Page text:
Should you take the leap to Monad now, or wait until Exchange 12 inches closer to RTM? Alternatively, if you’ve started down the Monad road already, is beta 3 really all that much better than its predecessor?

Beta 3 does add major new features, including some that are expressly suited to use with Exchange. Yet, meanwhile, now that beta 3 is out there, Microsoft has pulled beta 2 from its main download site.

Limits to Monad’s Compatibility

And unlike beta 2—which ultimately came to support both the 2.0.50215 and 2.0.50727 versions of the .NET Framework—beta 3 can be used only with the current edition of the framework.

Moreover, developers who anticipate adopting beta 3 might need to upgrade their Visual Studio tools. Why? The latest edition of the framework, which has already entered commercial availability, works only with VS 2005 RC1, as opposed to the previously released beta toolsets.

Using IA64 hardware? Monad simply isn’t ready for you yet. Monad requires the .NET 2.0 Framework runtime. But although this framework is now available for Itanium, guess what? The same can’t be said for beta 3 of Monad, according to Dr. Thomas Lee, a Microsoft MVP.

Microsoft has also started recommending a new download, the .NET 2.0 Framework SDK, for more streamlined support of new capabilities in beta 3.

Trying to Smooth the Learning Curve

To help familiarize users with the new scripting concepts, Monad comes with copious documentation, including a large Getting Started guide and three hands-on labs.

Monad’s new plug-in architecture, also debuting in beta 3, is designed to simplify cmdlet development and distribution, says Arul Kumaravel, Microsoft development lead for the Windows Command Shell.

The latest beta includes changes that allow Monad to accept Exchange plug-ins. In addition, for cmdlets that don’t need access to the Monad hosting environment, the beta 3 release notes explain how to access the cmdlets from other languages. Microsoft has also revised Getting Started for the new beta.

Input from Monad Users

In Internet postings to the Monad team, some users have called for a new pick-properties cmdlet. Monad includes a cmdlet dubbed get-member, but, as some see it, a pick-properties script would offer a more intuitive approach to determining the properties of .NET objects.

Other early users have drawn Microsoft’s attention to missing help files in beta 3, including about_switch and about_strings, for example.

In fact, Microsoft turned to its beta testers for last-minute advice about future framework support in Monad beta 3. Initially, beta 3 supported only the first build of the .NET Framework, but some of the early adopters complained.

"I [installed] beta 2 of VS 2005 and then removed it to install [the] RC1 given out at the PDC. Now Monad does not work. [It] crashes when [it] starts," writes one worried developer.

In response to this problem, another Microsoft MVP said that he kept a machine running the 2.0.50215 framework until he knew when (or if) Monad would move to a newer framework.

"In principle, you could uninstall 2.0.50727 and associated apps, return to beta 2 of Monad, and also run beta 2 of Studio. I guess it all depends whether [VS] RC1 has features you need," added Andrew Watt, an MVP from InfoPath.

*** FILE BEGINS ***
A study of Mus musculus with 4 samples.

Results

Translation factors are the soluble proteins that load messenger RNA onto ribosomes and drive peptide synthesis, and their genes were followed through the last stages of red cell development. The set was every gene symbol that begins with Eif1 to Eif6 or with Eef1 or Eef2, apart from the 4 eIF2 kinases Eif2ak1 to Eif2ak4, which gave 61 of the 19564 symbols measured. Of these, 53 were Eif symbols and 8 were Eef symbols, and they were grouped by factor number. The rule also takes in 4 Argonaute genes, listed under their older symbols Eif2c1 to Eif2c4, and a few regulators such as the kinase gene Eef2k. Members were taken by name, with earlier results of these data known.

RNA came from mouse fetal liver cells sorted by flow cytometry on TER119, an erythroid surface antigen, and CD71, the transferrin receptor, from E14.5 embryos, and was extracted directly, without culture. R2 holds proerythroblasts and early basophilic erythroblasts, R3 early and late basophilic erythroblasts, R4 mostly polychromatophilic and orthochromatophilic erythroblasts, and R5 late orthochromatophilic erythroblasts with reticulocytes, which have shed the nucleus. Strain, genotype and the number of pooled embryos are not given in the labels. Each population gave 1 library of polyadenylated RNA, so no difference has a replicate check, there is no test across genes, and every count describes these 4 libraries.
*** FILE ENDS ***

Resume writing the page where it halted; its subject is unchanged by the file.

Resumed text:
But by the time beta 2 was yanked from Microsoft’s download site, Monad supported both builds of the framework. Then, at the start of January, members of Microsoft’s Monad team threw a last-minute decision about future framework support directly into the early users’ discussion ring.

’Pull It. This Is Beta Code.’

"We still see a lot of downloads of the Monad bits for .NET beta 2," wrote Adam Barr of Microsoft’s Monad Program Management, entering this blog item on January 5. "In January so far, the x86 version for v2.0.50215 [has] 430 downloads and the x86 version for v2.0.50727 (RTM) [has] 560 downloads. The RTM of .NET has been out for a couple of months, so I’m wondering if there are a lot of people still using v2.0, or is it just people downloading the wrong version of Monad?"

Barr continued, "We are about to put out beta 3 and we were planning to pull the beta 2 drops since beta 3 is an update. But we won’t have a version of beta 3 for v2.0.50215—is it going to be a problem if there is no v2.0.50215 version of Monad available for download? The argument for pulling the old ones is just to avoid confusion about which version to download. There’s no technical or licensing reason not to leave them up for a while longer."

Several beta testers replied, largely concurring that continuing availability of the old code would spur confusion.

"Pull it. This is beta code. Make folks who want Monad upgrade to the RTM version [of the framework]. In the longer term, this is the right answer and it’s probably a good one in the shorter one, too," chimed in MVP Thomas Lee.

But another developer pointed out that, as of this year, some beta MOC courses still demand the earlier v2.0.50215 edition of the .NET Framework.

Where Did Beta 2 Go?

Even though Microsoft pulled beta 2 from its download site in January 2006, with the help of a good search engine you might be able to find the older edition kicking around on the Web somewhere. As of early February, beta 2 was still available in at least a couple of different locations on the Web, including Microsoft’s own TechNet (TN) site.

Links to both beta 1 and beta 2 are embedded inside the transcript of an interview between TN and Microsoft’s Snover, which has long been running on the TN site. As of early February, the embedded link to beta 2 remained live, although the beta 1 link no longer worked.